Brief notes on Mechanism of mineral salt absorption


Two different mechanisms have been proposed to explain absorption of mineral salts from soil to cells of roots. The mechanism of uptake of salts or ions is of two types, such as non-mediated or passive uptake and mediated or active uptake.

I. Non-mediated or passive uptake of ions:

If ion transport in and out of cells occurs spontaneously down a gradient of electrochemical potential energy, it is called passive uptake. Metabolic energy is not necessary for passive absorption. Passive absorption may take place by the following means:


i) Mass flow:

Karmer (1956), Russel (i960) believe that ions arc absorbed by the root along with the mass flow of water taking place under the influence of transpiration. Lopushinsky (1964) working with detopped plants supported the concept that an increase in transpiration rate could increase the absorption of salts.

ii) Diffusion:

It has been observed that an initial passive or nonmetabolic uptake of ions take place when a plant cell or tissue is kept in a medium of relatively high salt concentration. This free diffusion of solutes to the plant cell obeys the simple law of diffusion.


iii) Ion exchange:

In ionic exchange mechanism, anions or cations from within cells are exchanged with anions or cations of equivalent charge of the external solution. The process of ionic exchange can be explanied by two theories.

a) The contact exchange theory:

According to the contact exchange theory an ion may be absorbed by the plant root without being first dissolved in the soil solution. An ion adsorbed electrostatically to a solid particle such as


a plant root or clay micelle, is not held too tightly, but oscillaties within a certain small volume of space. Exchanges of ions take place when the oscillation volume of one ions overlaps the oscillation volume of another ion.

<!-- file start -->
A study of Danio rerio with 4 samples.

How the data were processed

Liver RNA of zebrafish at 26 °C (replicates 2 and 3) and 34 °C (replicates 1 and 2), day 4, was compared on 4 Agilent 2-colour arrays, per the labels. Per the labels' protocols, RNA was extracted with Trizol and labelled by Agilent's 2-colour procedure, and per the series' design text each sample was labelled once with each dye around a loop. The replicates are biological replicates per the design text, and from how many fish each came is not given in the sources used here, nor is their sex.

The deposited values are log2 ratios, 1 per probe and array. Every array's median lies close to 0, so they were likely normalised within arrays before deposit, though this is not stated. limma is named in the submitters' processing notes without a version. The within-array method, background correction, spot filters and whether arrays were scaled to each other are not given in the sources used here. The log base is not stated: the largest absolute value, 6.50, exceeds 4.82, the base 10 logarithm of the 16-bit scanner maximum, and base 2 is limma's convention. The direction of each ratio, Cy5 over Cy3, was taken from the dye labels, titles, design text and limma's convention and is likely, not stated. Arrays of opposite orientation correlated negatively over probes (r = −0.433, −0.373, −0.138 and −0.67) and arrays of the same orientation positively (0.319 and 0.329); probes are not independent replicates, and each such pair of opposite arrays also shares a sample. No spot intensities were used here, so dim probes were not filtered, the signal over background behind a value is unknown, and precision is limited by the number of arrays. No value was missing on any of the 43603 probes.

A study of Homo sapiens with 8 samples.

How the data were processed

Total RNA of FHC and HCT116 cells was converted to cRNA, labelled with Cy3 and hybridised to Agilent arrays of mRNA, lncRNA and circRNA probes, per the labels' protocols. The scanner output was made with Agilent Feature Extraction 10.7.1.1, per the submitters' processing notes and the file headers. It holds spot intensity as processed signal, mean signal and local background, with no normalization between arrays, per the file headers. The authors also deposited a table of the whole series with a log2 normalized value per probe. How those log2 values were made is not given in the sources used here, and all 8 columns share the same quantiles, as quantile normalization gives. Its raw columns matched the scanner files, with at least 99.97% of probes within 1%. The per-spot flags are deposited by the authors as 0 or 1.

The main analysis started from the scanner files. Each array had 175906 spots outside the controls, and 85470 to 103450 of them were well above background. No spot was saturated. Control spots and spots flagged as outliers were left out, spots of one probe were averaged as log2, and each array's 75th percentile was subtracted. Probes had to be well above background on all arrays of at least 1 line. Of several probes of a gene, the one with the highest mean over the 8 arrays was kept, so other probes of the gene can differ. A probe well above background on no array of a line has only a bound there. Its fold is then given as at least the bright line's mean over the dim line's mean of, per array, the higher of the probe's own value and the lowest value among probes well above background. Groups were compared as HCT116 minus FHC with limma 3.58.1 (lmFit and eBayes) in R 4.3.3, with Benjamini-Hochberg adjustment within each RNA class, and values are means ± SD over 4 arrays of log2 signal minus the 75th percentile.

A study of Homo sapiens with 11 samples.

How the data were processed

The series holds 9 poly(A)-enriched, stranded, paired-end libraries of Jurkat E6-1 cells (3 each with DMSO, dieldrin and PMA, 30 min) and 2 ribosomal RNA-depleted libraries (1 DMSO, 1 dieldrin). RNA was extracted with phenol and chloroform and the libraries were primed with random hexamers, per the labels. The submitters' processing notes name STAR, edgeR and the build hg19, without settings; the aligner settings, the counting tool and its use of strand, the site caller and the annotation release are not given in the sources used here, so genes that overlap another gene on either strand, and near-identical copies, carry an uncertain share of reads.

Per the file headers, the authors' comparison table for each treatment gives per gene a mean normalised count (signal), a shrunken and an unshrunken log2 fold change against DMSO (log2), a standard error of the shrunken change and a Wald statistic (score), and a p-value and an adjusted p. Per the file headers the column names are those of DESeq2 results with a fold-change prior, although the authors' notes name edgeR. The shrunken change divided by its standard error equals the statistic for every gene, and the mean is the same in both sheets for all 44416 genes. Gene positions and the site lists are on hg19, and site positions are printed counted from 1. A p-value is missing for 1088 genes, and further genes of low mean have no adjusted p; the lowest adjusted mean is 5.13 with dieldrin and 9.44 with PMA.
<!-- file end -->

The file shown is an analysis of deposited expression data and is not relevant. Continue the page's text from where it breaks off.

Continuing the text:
(b) The carbonic acid exchange theory

According to this theory, the CO2 released during respiration of root cells combines with water to form carbonic acid. Carbonic acid dissociates into II+ and IICO3 in soil solution. These 11+ ions may be exchanged for cations adsorbed on clay particles.

The cation thus released into the soil solution from the clay particles, may be adsorbed on root cells in exchange for II+ ions or as ion pairs with bicarbonate. Thus soil solution plays an important role in carbonic acid exchange theory.


Ions exchange theory allows faster rate of absorption of ions from the external medium by the cells of root.

II. Mediated or Active uptake of mineral salts:

Most of the experimental findings suggest the concept of mediated transport or active uptake of mineral salt in plants. The uptake of ions in plants is affected due to the presence of carriers in the cell membrane and expenditure of energy in the form of ATP released as a result of respiration.

Evidence in support of active uptake of mineral salts:


(i) The actual rate of absorption of minerals is too rapid in plants than that can be explained by passive absorption.

(ii) Sometimes the absorbed mineral is at a higher concentration within the cell and is at a lower concentration outside (soil)

(iii) The factors like low temperature, deficiency of oxygen, metabolic inhibitors etc. which inhibit metabolic activities like respiration in plants also inhibit absorption of ions.

(iv) The rate and amount of absorption of minerals is directly related to the expenditure of metabolic energy.

It has now been accepted that active absorption of mineral salts involves the operation of carrier conpounds in the plasma membrane of the cells.